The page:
A Wrinkle in Space and Time
Game On: “Super Mario Galaxy” $49.99, Wii, E for Everyone; “The Orange Box”, $49.99, PC, $59.99, console, PC, PS3, 360, T for Teen and M for Mature
Something’s not right here.
Gamers weaned on the rudimentary 3-D of the “Myst” worlds and raised to expect the sophisticated realism of “Far Cry” may wonder about the new games “Super Mario Galaxy” and “Portal.”
After years of pretending to race cars, toss pro balls and kill aliens, game developers have started to get weird. Both “Galaxy” and “Portal” get back to an older gaming tradition by providing whacked-out fun that treads lightly where the rules of physics should apply.
“Mario” games have always teased players with psychedelic, freak-out levels filled with mushroom people and smirking bipedal turtles. Following that rainbow road to new trippy heights, “Galaxy” repackages the platform-jumping play that made “Super Mario” an icon and offers a topsy-turvy universe suspended in space.
Gravity and perspective become optional as Mario lands on tiny planetoids, spheroids and floating levels that defy any sort of premeditated navigation. These places make sense only in reference to themselves. As he walks around on an orb the size of a hot-air balloon, up and down become relative: Mario’s feet stick to the surface as if gravity were in full force. Then there’s a puzzle world that flips up and down as Mario traverses different-colored bricks. While they’re disorienting at first, these wacky gravity spaces brighten up a routinely entertaining “Mario” title.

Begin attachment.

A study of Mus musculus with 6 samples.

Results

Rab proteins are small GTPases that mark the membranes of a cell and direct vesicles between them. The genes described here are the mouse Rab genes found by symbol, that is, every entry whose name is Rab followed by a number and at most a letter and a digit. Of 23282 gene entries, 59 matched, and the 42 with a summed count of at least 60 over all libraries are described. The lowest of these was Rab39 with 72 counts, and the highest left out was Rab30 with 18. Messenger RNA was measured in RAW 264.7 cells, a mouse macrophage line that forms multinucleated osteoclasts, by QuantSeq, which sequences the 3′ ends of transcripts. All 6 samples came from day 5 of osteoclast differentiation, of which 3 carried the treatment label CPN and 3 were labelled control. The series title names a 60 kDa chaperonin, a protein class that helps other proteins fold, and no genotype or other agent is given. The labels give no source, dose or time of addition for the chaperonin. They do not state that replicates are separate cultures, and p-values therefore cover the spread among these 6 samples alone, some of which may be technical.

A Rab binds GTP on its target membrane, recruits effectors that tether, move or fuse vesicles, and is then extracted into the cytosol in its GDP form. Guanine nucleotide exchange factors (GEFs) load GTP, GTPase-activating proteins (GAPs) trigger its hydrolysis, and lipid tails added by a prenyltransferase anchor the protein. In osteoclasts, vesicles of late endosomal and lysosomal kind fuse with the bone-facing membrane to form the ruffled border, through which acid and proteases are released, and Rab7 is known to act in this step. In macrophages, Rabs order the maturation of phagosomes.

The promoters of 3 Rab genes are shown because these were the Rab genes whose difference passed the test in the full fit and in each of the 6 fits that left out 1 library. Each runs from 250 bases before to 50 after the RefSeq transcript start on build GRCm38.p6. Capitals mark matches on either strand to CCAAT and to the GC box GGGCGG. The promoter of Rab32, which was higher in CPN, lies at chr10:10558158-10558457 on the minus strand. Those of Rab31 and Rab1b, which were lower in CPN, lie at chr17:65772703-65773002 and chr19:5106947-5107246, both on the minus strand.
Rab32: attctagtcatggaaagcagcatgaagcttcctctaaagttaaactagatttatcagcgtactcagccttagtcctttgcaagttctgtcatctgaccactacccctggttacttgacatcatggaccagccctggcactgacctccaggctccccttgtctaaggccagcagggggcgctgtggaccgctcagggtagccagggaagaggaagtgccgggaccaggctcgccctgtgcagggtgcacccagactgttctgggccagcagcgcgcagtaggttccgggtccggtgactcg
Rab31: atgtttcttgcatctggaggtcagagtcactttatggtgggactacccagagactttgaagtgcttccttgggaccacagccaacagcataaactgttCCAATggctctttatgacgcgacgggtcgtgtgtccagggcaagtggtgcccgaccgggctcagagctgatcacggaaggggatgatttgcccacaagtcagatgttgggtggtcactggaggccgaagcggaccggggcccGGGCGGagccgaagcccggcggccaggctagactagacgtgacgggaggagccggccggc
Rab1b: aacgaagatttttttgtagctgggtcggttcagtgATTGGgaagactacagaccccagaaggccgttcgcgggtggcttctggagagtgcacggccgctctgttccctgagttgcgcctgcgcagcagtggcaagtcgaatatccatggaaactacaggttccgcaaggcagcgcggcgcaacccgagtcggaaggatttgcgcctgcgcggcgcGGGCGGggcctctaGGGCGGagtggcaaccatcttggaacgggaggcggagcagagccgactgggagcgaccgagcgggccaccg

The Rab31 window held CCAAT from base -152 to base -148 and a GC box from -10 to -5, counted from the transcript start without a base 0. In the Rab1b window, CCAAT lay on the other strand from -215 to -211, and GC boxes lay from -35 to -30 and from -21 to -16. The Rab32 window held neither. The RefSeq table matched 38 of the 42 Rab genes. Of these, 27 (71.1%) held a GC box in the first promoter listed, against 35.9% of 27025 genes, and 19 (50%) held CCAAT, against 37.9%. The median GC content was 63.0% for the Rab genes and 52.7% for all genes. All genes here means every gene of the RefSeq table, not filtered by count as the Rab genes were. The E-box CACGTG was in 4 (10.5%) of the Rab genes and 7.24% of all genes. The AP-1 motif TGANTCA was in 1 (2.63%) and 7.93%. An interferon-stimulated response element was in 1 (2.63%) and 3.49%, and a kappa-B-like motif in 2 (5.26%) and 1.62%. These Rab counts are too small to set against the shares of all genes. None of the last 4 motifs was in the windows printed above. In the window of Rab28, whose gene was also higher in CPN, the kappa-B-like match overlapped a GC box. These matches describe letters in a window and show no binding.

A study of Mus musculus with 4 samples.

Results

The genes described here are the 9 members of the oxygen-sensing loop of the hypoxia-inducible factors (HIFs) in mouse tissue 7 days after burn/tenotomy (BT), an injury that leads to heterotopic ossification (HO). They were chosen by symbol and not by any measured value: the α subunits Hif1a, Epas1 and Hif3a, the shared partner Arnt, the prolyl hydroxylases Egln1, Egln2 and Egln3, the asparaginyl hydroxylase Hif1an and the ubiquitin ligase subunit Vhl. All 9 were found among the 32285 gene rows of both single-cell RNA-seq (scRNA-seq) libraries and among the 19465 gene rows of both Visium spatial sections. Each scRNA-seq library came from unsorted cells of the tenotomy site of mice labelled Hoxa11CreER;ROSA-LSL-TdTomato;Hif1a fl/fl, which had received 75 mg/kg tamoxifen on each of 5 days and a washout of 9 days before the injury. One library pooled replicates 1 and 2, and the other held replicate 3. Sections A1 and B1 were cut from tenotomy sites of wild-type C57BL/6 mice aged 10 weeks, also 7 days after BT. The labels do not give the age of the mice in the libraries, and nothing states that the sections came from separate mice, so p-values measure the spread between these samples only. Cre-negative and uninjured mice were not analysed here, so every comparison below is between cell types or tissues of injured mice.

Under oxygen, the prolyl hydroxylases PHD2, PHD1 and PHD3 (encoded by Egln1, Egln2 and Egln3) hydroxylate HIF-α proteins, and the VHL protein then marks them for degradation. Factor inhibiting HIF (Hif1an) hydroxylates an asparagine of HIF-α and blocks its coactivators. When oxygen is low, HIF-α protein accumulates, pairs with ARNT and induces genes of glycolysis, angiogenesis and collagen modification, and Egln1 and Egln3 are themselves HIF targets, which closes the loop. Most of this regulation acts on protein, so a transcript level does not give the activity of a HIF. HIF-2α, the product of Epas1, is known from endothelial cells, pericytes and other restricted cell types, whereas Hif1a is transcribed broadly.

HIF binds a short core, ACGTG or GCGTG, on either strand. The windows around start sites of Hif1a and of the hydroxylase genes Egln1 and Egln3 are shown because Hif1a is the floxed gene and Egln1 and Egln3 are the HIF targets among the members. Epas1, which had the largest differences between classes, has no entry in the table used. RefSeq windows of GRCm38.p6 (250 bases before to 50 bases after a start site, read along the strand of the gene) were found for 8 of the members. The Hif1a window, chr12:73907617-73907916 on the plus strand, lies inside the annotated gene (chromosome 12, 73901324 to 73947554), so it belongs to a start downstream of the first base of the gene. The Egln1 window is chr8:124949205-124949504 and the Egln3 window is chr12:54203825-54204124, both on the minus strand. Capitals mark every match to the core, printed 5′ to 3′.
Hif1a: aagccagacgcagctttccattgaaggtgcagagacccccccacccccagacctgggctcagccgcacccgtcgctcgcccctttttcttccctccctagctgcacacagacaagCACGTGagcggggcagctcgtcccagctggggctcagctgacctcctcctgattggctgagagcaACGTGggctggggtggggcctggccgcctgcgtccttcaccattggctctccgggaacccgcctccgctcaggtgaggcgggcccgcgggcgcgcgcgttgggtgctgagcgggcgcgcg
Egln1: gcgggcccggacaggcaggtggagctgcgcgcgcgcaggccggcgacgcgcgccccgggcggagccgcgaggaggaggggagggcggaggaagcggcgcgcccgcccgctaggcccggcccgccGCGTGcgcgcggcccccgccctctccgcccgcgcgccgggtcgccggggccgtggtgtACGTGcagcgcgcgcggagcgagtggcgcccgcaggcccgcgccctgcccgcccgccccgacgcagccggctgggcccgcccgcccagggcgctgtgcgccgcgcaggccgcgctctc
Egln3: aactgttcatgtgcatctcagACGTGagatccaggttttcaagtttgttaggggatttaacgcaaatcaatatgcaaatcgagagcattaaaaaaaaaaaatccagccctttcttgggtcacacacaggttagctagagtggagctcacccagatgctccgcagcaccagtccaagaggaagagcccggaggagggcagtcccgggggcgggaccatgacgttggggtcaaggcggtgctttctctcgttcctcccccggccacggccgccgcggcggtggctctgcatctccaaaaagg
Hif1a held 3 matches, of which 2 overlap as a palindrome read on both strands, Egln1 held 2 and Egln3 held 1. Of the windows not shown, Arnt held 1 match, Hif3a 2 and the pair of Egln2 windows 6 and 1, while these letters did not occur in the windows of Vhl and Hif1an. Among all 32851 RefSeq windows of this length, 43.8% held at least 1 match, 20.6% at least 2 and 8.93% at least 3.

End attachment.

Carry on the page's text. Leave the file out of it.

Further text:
Gamers may pick up “The Orange Box” for its collection of three complete “Half-Life 2” games or for the high-energy combat of “Team Fortress 2.” But most players end up staying for “Portal.” This peculiar puzzle-solving game takes place in more or less the same high-tech, 3-D world as “Half-Life.” Instead of battling creepy aliens, though, players are challenged to maneuver through complex and deadly levels using nothing more than a device that can project two portals on any concrete surface — you walk through one portal and come out the other, Alice in Wonderland-style.
Place a portal on one wall and another on the wall behind you, and look at the back of your head. Shoot a portal on the floor and one on the ceiling, jump down through the hole you’ve created — and fall from the ceiling, then back through your portal on the floor, ad infinitum.
“Galaxy” and “Portal” don’t deserve credit for being the first games to play with time and space. Ever since players of “Asteroids” zoomed off the top of the screen, only to reappear at the bottom, games have messed with the fabric of reality. At their best, that’s what games do. These new titles remind us that the medium still has the potential to find fun and wonderment in the strangest places.